Friday: 3 GIs, 10 Iraqis Killed; 13 Iraqis Wounded

Updated at 8:27 p.m. EDT, May 1, 2009

Three U.S. servicemembers lost their lives in an anti-tank grenade attack in Anbar province. At least 10 Iraqis were also killed, while another 13 were injured in attacks across Iraq. Meanwhile, U.S. personnel were involved in another controversial raid.

Two Marines and one sailor were killed during U.S. operations in Anbar province. An anti-tank grenade was used, and the suspected perpetrators were captured. The servicemembers were killed yesterday, during April, making the month the deadliest for U.S. troops so far this year. Iraqi casualties were also at their highest for the year last month.

A U.S. raid, which left two Iraqi brothers dead, in Tikrit has the potential for political ramifications. The provincial governor and tribal leaders said today’s raid violated a U.S.-Iraqi security pact signed last year, but U.S. officials claimed that it was Iraqis, supported by U.S. advisors, who were serving a warrant. The brothers were policemen. Earlier in the week, a similar raid in Kut raised tensions between the U.S. and Iraq.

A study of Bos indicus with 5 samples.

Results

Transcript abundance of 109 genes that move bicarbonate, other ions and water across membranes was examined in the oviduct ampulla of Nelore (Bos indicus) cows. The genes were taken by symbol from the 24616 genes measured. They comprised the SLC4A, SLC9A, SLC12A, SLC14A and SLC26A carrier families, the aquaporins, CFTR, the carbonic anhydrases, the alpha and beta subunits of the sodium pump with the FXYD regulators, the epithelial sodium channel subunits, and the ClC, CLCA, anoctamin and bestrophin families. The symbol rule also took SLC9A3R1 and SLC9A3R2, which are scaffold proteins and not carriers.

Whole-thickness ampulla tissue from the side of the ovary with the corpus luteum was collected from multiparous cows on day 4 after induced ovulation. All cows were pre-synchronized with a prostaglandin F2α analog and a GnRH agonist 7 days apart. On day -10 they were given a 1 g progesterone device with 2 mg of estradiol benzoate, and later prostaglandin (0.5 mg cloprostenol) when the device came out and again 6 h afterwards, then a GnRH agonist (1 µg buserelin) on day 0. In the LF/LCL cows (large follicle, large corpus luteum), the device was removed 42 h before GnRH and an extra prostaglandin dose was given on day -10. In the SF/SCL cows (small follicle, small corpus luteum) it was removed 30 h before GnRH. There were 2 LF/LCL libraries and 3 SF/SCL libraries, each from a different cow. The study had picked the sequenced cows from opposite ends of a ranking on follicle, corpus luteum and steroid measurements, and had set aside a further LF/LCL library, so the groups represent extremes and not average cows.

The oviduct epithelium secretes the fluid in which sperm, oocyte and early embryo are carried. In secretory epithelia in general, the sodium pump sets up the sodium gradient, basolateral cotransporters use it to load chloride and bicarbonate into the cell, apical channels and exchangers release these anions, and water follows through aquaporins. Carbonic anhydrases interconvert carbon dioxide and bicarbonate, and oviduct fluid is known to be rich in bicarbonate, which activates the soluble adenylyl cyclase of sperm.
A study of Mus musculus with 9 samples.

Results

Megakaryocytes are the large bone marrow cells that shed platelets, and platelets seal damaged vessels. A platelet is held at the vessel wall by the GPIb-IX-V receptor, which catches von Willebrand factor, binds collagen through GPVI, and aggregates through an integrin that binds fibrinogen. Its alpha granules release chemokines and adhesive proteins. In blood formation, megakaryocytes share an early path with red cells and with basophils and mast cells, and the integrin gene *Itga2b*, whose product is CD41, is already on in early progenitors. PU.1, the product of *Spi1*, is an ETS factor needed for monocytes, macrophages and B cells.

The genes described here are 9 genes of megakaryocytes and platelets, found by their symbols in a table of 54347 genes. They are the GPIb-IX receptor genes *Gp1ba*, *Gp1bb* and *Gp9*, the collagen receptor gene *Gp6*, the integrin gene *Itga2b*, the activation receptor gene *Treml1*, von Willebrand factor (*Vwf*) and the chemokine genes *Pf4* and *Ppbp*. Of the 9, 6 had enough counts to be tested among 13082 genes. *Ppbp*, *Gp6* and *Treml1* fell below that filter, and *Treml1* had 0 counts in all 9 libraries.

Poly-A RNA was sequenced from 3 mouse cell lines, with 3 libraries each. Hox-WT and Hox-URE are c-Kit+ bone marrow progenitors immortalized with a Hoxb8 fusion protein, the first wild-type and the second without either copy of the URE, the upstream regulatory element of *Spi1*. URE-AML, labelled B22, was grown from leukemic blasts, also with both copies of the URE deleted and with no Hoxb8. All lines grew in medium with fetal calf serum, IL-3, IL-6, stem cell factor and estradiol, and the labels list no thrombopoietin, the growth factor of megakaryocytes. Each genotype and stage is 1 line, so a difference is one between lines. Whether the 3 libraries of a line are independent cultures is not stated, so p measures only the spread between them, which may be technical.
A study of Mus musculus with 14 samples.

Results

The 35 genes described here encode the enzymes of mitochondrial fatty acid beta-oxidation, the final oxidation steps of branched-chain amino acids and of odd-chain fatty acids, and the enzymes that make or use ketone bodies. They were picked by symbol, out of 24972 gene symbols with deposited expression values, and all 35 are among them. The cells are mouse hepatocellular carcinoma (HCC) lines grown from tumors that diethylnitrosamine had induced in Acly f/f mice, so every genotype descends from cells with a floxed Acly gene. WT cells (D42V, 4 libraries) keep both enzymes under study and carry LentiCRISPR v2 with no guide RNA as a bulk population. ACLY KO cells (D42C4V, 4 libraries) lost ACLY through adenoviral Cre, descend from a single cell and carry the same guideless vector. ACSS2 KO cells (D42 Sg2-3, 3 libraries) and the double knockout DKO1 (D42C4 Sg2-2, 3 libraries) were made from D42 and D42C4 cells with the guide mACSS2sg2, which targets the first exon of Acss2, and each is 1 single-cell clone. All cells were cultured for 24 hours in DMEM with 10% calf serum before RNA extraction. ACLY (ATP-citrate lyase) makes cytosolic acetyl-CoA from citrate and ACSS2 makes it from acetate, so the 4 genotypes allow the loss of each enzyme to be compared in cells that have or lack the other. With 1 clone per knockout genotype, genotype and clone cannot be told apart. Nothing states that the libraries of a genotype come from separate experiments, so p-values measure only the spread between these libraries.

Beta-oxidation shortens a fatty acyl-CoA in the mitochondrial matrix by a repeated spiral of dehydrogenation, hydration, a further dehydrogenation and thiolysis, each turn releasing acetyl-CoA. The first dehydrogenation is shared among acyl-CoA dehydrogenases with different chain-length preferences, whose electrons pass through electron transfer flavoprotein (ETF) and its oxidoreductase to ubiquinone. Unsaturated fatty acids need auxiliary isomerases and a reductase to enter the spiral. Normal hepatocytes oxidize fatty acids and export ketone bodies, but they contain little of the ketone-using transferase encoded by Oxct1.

In Mosul, six civilians were killed and eight more were wounded when a suicide bomber struck at a restaurant near the Mosul Dam. Five dead were member of one family.

Neighbors discovered a decayed body lying on a rooftop in Kut. Police said the young man appeared to have been shot. Also, a young child was liberated.

Five policemen were wounded when the bomb they were defusing in central Basra exploded.

The latest in a series of operations was implemented this morning in Diyala province. Although violence has decreased dramatically in Diyala, it remains one of the most dangerous provinces in Iraq.

A raid in Amara netted four suspects and 21 bombs.

Kirkuk police detained a potential suicide bomber who was planning an attack at a mosque.

Police in Latifiya detained a suspect.

Read more by Margaret Griffis

Author: Margaret Griffis

Margaret Griffis is a journalist from Miami Beach, Florida and has been covering Iraqi casualties for Antiwar.com since 2006.